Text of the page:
Thursday, November 11, 2010

Project 4:4--Day Three Hundred

Day Three Hundred, Matt. 8, Luke 7-8, Matt. 11-12, Luke 11

Today's reading involves several different events as Jesus' ministry continues. He heals a centurion's slave, He raises a widow's dead son, He is anointed by a sinful woman, He is accused of acting under the power of the prince of demons, and He is asked for a miraculous sign to prove that He is who He claims to be. But there is one event in this reading that always stands out to me, and I want to discuss it.

This is the point where John the Baptist, who has now been thrown into prison by Herod and likely knows that his time is short, sends his disciples to question Jesus. After spending his life proclaiming the coming kingdom of God, he's gotta Jesus really the One? I mean, it doesn't exactly add up in the human mind, for someone like John who has done the best he could at fulfilling God's calling on his life, to find himself in the situation he is in now, at the end of his life. So John just has to know, "Are you the one who was to come, or should we expect someone else?" First, let me note that it's comforting that even someone who did as good of a job at fulfilling his role in God's kingdom as John the Baptist did, has a time of doubt.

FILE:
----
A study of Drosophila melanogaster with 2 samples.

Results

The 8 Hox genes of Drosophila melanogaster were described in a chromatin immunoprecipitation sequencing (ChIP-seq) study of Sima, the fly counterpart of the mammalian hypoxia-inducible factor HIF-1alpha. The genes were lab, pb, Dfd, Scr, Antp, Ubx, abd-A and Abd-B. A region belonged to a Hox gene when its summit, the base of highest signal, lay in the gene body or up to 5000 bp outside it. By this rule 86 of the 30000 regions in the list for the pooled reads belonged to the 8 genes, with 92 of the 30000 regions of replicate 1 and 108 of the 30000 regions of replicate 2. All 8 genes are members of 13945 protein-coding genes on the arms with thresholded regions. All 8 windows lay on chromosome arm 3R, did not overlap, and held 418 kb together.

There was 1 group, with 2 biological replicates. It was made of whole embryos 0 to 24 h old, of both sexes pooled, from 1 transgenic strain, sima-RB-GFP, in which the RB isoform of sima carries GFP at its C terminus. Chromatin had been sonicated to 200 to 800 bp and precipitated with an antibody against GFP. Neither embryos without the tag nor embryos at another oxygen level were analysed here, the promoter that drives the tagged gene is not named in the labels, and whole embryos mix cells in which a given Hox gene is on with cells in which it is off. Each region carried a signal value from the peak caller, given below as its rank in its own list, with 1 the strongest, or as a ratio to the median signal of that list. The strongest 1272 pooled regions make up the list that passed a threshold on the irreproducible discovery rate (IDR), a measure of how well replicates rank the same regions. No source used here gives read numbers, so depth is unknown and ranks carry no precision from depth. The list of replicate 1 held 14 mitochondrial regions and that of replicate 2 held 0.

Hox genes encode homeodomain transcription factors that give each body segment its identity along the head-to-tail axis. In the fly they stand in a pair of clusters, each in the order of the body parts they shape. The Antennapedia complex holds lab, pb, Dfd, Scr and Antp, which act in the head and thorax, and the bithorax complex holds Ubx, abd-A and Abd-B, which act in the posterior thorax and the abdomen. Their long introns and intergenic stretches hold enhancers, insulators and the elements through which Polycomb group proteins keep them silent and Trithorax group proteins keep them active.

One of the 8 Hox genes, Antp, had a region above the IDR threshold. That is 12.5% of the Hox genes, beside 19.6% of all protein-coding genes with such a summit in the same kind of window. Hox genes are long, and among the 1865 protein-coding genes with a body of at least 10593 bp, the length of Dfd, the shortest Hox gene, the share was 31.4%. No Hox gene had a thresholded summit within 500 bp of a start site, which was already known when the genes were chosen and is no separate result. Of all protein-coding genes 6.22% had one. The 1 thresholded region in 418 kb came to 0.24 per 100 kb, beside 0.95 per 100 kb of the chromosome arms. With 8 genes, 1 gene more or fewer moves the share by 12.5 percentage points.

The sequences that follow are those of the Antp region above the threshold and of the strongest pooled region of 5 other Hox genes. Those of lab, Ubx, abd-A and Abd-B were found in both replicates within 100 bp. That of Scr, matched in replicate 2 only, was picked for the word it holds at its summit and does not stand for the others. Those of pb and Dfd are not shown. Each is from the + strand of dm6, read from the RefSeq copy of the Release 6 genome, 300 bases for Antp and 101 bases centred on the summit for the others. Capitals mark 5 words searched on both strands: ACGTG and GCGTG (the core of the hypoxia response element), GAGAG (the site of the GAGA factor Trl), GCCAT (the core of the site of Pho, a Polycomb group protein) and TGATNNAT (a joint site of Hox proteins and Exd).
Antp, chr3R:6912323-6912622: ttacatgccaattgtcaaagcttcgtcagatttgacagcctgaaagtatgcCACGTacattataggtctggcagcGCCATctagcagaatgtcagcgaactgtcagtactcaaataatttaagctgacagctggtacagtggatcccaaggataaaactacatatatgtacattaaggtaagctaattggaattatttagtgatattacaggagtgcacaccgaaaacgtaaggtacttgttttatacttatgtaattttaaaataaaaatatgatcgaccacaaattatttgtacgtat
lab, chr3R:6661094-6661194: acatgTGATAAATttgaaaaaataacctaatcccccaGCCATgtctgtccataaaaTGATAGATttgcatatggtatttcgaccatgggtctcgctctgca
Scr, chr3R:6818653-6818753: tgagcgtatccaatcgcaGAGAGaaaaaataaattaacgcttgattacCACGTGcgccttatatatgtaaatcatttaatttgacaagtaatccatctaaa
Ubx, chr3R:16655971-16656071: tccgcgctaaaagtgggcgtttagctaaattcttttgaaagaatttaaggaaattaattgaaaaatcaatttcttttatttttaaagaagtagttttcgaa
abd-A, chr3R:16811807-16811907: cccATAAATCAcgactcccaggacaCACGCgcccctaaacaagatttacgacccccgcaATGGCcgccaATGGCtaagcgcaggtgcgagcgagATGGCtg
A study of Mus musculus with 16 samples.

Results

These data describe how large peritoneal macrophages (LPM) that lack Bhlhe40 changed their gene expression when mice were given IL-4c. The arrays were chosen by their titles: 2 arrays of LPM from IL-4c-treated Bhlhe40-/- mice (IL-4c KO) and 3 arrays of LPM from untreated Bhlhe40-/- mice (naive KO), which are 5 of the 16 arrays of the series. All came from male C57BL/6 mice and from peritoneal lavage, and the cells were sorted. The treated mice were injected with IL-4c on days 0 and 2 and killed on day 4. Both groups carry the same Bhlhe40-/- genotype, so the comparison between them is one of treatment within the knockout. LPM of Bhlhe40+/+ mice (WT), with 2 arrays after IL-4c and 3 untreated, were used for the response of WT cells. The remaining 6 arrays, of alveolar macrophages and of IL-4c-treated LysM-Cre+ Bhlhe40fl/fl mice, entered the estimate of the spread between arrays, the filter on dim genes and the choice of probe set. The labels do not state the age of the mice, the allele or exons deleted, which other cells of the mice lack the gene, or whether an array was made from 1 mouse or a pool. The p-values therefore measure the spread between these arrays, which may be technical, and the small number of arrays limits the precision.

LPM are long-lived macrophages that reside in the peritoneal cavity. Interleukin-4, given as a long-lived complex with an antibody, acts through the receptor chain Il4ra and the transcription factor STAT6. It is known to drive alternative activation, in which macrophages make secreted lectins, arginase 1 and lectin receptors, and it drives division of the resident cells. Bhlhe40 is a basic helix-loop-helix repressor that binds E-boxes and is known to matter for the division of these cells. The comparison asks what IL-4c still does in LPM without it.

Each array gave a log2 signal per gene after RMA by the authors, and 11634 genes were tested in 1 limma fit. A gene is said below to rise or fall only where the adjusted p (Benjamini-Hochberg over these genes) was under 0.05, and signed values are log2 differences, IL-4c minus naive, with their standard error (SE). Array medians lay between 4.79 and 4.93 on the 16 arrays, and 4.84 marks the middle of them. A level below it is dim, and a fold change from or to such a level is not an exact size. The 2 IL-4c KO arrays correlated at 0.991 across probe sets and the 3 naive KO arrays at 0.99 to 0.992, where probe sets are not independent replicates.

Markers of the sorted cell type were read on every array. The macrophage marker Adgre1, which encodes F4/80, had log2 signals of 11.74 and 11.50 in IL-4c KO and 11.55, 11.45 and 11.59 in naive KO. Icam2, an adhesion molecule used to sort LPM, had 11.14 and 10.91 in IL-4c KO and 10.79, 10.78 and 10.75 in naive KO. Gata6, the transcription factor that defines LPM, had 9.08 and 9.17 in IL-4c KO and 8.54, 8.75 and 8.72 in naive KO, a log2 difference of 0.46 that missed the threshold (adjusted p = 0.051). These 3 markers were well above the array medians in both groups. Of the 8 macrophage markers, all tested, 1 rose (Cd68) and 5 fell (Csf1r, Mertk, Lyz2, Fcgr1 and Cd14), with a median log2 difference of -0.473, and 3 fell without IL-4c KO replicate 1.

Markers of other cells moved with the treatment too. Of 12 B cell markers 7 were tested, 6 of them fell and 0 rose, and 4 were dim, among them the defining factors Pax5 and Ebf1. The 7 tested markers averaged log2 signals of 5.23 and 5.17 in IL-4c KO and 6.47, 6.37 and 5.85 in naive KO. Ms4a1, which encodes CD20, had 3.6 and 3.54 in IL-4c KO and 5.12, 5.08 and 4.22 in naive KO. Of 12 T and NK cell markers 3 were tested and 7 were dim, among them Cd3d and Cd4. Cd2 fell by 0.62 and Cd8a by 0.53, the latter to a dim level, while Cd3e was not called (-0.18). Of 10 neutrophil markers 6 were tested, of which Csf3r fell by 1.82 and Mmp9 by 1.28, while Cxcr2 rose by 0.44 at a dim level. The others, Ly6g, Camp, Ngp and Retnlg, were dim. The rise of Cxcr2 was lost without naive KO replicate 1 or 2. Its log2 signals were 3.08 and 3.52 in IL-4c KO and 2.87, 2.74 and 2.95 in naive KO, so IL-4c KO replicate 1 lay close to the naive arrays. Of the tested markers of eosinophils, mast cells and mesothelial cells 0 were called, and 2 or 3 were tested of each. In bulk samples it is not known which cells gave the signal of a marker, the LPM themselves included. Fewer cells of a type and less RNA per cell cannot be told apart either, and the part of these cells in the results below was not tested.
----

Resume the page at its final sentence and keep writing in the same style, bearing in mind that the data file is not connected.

Even more comforting, though, is Jesus' response to John's disciples. He simply asks them to report to John what they have seen and heard: "the blind receive sight, the lame walk, those who have leprosy are cured, the deaf hear, the dead are raised, and the good news is preached to the poor." Let the facts speak for themselves, Jesus says.

Surely John the Baptist, who had a measure of the Holy Spirit even from the womb, is familiar enough with the Messianic prophecies to know what Jesus is saying. Isaiah is one of the prophets who speaks often of what the Messiah would do and the kingdom He would bring about. "The eyes of the blind will be opened, and the ears of the deaf will be unstopped. Then the lame will leap like a deer, and the tongue of the mute will shout for joy..." Even the passage from Isaiah that Jesus quoted Himself while in the synagogue comes to mind: "The Spirit of the Lord God is upon me, because the Lord has anointed me to bring good news to the afflicted; He has sent me to bind up the brokenhearted, to proclaim liberty to captives and freedom to prisoners; to proclaim the favorable year of the Lord..."

So, to answer John's question, is Jesus the One who was to come?

"Are the Messianic prophecies being fulfilled through me?"

"Blessed is he who does not take offense at me."

Blessed is John, who could believe that Jesus was the Messiah, even if he didn't understand the situation he was in.